I contributed to Roth IRA Account in Jan-2016 for FY 2016 and again I contributed to Roth IRA account in Jan-2017 for FY-2017.

When I was ready to file my tax return for 2016 in Feb-2017 I came to know that I am ineligible to contribute to Roth IRA account so Re-Characterized my 2016 Roth IRA contribution to Traditional IRA account and did the Back door conversion to Roth IRA account again in sometime march-2017. And I filled my tax for 2016. This was after tax income and I didn't deduct contributions on my income taxes.

Later In Nov-2017 I realized that I am again going to be ineligible to contribute to Roth IRA account for FY 2017. So I Re-characterized that contribution to Traditional IRA and later converted to Roth IRA using Back door conversion.

So basically I performed two re-characterization and two back door conversion in FY-2017. How to file my tax return and 8606? I have received the two 1099 from Financial Institute Roth to Traditional IRA Conversion 1099-R. Another for Traditional to (Back Door) Roth IRA Conversion 1099-R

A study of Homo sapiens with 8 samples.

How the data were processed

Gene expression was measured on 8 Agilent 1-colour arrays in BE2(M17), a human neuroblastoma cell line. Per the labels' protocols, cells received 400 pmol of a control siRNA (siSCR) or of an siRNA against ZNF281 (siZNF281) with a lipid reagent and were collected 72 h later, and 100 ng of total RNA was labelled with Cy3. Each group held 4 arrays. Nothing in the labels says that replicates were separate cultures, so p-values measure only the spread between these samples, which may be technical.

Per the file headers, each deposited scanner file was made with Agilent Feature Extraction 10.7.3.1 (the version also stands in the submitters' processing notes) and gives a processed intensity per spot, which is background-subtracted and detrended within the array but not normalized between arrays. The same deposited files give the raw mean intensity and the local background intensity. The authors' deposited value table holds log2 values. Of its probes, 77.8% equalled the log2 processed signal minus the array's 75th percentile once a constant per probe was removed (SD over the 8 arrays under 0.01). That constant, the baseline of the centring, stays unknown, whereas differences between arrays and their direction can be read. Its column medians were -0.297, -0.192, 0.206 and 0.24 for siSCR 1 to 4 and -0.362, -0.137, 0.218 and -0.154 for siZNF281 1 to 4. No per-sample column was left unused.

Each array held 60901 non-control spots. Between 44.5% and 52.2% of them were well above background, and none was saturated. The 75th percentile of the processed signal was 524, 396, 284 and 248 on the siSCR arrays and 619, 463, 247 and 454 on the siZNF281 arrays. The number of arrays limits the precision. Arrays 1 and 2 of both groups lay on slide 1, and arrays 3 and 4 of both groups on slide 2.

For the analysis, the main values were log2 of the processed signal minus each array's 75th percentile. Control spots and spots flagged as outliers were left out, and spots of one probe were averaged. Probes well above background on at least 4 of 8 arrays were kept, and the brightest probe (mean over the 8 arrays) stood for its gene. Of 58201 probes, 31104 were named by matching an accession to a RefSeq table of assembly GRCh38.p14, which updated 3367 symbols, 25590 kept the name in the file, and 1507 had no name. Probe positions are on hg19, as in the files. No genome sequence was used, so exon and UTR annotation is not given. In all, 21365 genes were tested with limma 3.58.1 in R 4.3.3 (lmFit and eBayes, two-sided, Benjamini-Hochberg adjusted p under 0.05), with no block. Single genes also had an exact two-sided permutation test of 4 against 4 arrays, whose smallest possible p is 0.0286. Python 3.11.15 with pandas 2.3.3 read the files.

How do I enter this information correctly on 1040 and 8606 to let IRA know that I have done back door Roth IRA Conversion so I don't have to pay tax again in the future when I am ready for withdrawal.

Thanks for your help and Time! I really appreciate it.

1 Answer 1


As you said you have 2 recharacterizations and 2 conversions. However, even though the recharacterization of your 2016 contribution occured in 2017, it should have been reported on your 2016 taxes. If you didn't do that you may need to amend that return and file Form 8606 for a non-deductible traditional IRA contribution, though it shouldn't change your tax owed.

For the remaining 2017 recharacterization, your tax software should guide you, but generally you just act like you contributed to a traditional IRA originally. Again, recharacterizing between Roth and non-deductible traditional by itself should make no difference in the tax owed.

Conversions are reported on your taxes for the year they occur, so both will appear on your 2017 return. This site goes into detail about the backdoor Roth IRA, and shows an example Form 8606. Your Form 1040 should have the entire amount of the conversion on line 15a, but only the earnings on line 15b should be taxable.